Editor’s note: The following was written by Emerson Nafziger, University of Illinois Extension crop production specialist, for the university’s Crop Development Bulletin May 6.
Evaluating soybean stands is a little more “complicated” than evaluating corn stands, although the same problem of uniformity occurs in both crops.
An adage that we might apply to soybean is, “When plants are easy to count without bending over, there aren’t enough of them.”
One concern is that those who advocate for lower seeding rates and early planting may encourage stands to be kept even when they will result in a yield loss. We have over the years learned that stands that may look inadequate when plants are small usually fill in nicely and produce high yields. This has taught us to be patient when growth starts slow and not to let emotions guide replant decisions.
Still, staying with stands that are too low to produce maximum yields should not be done just to “prove a point.”
Instead of laboriously counting the number of plants in a hoop or 3 feet of row, it might be faster and accurate enough to use a scale of 0 to 4, with each number the approximate number of plants per square foot. On this scale: 1 (43,560 plants per acre) would be too low; 2 (about 87,000/acre) would be probably be acceptable if plants are healthy; 3 (131,000) is a full stand; and 4 (174,000) is more than enough.
One plant per square foot is a plant every 4.8 inches in 30-inch rows, and every 9.6 inches in 15-inch rows.
With a little practice, it should be possible to get close-enough stand counts with a relatively quick glance at the ground. Getting quick counts in more places is usually preferable to getting counts that are more accurate in fewer spots.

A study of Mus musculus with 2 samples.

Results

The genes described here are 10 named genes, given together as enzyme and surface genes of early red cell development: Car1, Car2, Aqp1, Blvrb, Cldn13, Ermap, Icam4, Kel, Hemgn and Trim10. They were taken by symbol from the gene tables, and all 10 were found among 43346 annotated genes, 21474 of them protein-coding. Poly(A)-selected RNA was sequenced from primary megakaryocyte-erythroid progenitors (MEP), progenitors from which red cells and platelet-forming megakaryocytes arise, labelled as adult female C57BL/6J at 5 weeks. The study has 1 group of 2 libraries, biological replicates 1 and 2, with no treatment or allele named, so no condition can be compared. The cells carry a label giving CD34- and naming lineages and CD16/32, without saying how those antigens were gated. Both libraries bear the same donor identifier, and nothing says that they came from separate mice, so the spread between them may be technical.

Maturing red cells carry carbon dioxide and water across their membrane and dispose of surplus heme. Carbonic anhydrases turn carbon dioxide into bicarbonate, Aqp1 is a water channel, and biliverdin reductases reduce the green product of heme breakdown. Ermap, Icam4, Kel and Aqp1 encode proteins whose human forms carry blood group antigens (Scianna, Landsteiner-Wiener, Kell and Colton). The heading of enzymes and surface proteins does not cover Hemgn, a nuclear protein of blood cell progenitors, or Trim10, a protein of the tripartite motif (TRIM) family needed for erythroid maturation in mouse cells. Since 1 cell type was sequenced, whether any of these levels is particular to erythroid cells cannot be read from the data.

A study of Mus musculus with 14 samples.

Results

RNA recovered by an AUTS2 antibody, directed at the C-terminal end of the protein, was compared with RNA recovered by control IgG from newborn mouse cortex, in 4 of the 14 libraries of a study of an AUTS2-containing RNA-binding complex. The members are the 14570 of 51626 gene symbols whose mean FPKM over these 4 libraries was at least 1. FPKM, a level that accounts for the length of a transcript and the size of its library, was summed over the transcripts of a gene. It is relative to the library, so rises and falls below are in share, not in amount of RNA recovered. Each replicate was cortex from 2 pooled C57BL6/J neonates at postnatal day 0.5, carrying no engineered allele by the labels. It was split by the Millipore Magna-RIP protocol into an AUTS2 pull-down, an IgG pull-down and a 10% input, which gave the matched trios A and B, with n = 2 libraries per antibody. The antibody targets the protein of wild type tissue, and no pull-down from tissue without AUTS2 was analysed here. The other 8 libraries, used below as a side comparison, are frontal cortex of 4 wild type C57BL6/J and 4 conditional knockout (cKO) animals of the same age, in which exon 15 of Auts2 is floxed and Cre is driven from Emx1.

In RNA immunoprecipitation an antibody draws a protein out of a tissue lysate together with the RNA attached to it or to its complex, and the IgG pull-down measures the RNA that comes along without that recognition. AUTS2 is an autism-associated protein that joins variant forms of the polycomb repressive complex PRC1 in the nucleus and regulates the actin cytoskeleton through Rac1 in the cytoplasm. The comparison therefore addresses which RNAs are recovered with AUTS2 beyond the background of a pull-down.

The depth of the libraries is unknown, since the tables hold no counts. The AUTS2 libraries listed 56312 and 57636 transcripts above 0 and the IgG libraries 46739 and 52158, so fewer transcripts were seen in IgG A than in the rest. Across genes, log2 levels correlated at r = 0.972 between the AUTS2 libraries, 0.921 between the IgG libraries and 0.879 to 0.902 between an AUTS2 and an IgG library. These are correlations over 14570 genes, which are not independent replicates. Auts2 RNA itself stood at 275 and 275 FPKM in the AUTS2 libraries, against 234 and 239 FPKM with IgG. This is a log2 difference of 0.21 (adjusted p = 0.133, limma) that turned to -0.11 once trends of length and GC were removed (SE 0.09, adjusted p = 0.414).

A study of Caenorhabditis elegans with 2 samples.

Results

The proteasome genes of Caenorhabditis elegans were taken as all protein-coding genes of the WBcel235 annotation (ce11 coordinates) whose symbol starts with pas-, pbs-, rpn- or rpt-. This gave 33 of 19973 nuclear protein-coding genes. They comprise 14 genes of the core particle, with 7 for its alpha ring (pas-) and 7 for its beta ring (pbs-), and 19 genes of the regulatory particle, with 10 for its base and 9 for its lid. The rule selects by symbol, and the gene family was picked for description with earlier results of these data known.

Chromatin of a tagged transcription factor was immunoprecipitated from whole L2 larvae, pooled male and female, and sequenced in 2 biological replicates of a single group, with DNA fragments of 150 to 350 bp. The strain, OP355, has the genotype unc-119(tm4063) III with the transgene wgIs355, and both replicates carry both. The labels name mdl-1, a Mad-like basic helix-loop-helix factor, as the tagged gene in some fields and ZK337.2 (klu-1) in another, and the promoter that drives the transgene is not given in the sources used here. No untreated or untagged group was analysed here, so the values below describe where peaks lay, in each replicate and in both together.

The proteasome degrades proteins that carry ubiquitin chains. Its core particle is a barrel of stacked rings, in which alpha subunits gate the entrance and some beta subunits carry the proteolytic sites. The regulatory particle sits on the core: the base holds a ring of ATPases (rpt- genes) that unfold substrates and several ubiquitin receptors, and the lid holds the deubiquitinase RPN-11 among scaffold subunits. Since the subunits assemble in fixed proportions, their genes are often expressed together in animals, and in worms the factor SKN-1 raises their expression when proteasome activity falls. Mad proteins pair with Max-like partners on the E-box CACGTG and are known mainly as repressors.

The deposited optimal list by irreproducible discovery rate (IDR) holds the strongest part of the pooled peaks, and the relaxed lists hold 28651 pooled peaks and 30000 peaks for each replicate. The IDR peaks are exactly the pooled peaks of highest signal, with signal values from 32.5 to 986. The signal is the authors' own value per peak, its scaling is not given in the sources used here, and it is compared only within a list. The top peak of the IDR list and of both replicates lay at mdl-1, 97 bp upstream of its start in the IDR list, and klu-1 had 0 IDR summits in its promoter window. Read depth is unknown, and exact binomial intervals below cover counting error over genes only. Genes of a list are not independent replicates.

I took the same approach to estimating expected outcomes from replanting soybeans as for corn. One caveat is that we do not have much data from recent studies that included both planting date and seeding rate, so our assumption that soybeans respond similarly (on a percentage basis) to seeding rate at different planting dates is not well supported.
Joshua Vonk did some studies that included both seeding rate and planting date in 2010 and 2011 and found no interaction between these two factors across sites. But as others have found, he didn’t see much response to seeding rate, so not finding such an interaction was expected.
Those studies also didn’t include planting quite as early or quite as late as the table includes, and so the indication that 50,000 plants will yield only 10% less than 130,000 plants when planted in mid-June isn’t rock solid.
According to the table, as much yield will be lost from planting after May 20 as from losing nearly half the stand from April-planted soybeans.
Experience and judgment will play a role in this decision, as will the cost of replant seed and planting.
Unlike corn, there’s no need to destroy existing soybean plants when replanting. In a study we did some years ago, supplementing low plant stands with a reduced amount of seed or destroying the low stand and planting a full rate of seed produced the same yield.